On the way to the mountains of the Balkan we stopped at Plovdiv – the second largest city after Sofia and the cultural capital of Bulgaria – this year even the European Capital of Culture!
We had found a little parking just at the beginning of the main shopping street of Plovdiv, so we first wandered along this beautiful street lined with lime trees where a market was taking place with different craft stalls.
There is evidence of habitation in Plovdiv dating back to the 6th millennium BC, when the first Neolithic settlements were established. It has been considered to be one of the oldest cities in the world.
During most of its recorded history, Plovdiv was known in the West by the name Philippopolis. The city was originally a Thracian settlement and subsequently was invaded by Persians, Greeks, Celts, Romans, Goths, Huns, Bulgars, Slavs, Rus people, Crusaders, and Turks. As in most cities the Romans left still visible landmarks, as the theatre and the stadium.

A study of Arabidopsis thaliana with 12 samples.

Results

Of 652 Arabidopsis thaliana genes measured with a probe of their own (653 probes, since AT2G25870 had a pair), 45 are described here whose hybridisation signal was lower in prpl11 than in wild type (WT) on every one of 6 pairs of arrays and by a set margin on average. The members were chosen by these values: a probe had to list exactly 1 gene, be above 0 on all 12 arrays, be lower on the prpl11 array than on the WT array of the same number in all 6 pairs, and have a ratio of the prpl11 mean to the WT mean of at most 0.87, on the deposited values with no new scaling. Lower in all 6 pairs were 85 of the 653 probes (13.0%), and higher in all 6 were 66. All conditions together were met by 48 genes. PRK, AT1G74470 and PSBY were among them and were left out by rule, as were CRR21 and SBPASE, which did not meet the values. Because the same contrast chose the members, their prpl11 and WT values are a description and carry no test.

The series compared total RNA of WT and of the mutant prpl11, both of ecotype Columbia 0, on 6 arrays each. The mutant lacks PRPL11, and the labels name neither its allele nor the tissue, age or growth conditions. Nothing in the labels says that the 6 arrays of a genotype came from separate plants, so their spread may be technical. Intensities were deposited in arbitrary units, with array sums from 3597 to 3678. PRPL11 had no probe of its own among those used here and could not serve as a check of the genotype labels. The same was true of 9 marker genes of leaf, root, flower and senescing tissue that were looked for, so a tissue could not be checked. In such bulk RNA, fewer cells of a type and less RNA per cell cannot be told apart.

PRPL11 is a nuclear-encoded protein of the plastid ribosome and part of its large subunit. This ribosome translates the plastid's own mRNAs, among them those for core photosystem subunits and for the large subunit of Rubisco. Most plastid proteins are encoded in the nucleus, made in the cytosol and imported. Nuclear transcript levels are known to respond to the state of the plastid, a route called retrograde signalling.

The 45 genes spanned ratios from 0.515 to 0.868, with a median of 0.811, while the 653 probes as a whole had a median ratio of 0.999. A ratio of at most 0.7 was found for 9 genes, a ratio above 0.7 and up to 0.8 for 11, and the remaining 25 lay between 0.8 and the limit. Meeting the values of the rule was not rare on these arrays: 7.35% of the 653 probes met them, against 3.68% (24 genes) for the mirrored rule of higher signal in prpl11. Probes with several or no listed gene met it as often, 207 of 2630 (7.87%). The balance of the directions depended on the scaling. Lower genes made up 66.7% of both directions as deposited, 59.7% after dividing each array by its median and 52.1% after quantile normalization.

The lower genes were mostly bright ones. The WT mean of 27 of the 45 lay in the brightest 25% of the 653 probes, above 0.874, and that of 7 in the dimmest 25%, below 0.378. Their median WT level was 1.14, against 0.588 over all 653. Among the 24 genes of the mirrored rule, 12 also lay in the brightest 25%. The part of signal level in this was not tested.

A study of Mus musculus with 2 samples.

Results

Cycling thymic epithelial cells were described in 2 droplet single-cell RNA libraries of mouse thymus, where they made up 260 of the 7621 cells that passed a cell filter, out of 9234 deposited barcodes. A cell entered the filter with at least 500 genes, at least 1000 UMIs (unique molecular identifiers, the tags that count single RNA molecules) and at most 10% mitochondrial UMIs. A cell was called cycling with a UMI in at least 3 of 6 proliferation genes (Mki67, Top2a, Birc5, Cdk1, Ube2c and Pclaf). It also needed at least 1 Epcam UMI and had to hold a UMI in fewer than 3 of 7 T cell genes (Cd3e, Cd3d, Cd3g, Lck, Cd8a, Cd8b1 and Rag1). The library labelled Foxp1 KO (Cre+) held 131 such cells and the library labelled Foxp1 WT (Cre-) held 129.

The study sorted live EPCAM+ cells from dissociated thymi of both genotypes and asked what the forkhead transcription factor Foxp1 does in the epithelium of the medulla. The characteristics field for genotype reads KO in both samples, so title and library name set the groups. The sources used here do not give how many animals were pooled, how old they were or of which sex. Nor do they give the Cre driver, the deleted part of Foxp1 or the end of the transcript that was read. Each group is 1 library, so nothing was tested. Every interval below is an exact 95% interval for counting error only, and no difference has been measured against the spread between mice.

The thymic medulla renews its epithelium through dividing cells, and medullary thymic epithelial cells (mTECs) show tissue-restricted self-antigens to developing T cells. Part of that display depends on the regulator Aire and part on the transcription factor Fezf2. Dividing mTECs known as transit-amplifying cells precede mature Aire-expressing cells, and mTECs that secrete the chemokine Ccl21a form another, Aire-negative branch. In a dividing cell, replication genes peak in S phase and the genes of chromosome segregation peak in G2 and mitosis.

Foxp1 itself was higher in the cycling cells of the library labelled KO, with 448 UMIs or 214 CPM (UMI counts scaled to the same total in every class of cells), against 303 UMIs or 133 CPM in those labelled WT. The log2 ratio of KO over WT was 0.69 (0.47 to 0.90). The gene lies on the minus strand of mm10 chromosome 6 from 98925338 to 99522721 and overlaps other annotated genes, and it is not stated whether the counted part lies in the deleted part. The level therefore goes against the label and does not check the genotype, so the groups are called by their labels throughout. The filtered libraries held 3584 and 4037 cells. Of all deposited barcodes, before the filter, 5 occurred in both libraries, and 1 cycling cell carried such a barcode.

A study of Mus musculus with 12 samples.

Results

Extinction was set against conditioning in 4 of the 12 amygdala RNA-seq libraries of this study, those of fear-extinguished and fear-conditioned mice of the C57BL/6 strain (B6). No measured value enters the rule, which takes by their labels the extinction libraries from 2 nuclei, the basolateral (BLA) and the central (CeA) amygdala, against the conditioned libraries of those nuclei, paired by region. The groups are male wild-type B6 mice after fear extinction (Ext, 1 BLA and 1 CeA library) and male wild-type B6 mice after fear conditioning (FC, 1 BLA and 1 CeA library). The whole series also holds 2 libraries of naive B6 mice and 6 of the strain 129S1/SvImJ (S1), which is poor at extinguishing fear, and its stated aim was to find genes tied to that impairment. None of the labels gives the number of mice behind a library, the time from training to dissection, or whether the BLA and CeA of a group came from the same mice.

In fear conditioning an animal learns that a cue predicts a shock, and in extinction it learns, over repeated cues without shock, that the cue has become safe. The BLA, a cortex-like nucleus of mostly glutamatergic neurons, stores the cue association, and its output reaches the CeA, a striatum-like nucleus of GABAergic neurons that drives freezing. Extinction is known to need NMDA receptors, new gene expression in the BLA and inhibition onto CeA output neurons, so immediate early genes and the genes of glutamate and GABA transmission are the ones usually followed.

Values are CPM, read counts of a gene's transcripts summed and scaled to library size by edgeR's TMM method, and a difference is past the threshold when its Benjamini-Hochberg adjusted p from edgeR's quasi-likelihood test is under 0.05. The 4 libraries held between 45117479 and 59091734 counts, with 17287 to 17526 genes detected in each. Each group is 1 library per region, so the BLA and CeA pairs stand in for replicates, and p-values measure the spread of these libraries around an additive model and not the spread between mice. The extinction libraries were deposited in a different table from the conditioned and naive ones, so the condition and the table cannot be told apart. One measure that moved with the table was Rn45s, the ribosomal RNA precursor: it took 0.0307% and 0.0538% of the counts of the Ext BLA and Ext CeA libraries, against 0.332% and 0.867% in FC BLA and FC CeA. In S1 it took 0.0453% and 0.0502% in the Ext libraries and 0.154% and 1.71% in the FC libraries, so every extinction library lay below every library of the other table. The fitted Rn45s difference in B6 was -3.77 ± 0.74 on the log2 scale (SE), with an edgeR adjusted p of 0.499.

The northern curved part of the stadium is visible today. In total it was 240 m long and 50 m wide and could seat up to 30000 spectators.
The Roman theatre is one of the world’s best-preserved ancient theatres. It was constructed in the 90s of the 1st century AD. The theatre can host between 5000 and 7000 spectators and it is currently in use. At the end of the 4th century a large part of the theatre was destroyed (by either fire or earthquake). Only in the late 1960s the ruins were found again during archeological excavations.
|A short lunch break
The Old Town of Plovdiv is known for its Bulgarian Renaissance architectural style. Almost every house has its characteristic exterior and interior decoration.
|Flower of the Day
|The road into the Rhodopes is open
|Our camping at the lake at 1.100m
Wild horses graze around the lake. During the night they wandered through our camp area rubbing themselves against our caravan so that we felt it shake and leaving a lot of manure around us.
|Morning Yoga at the lake – what a pleasure!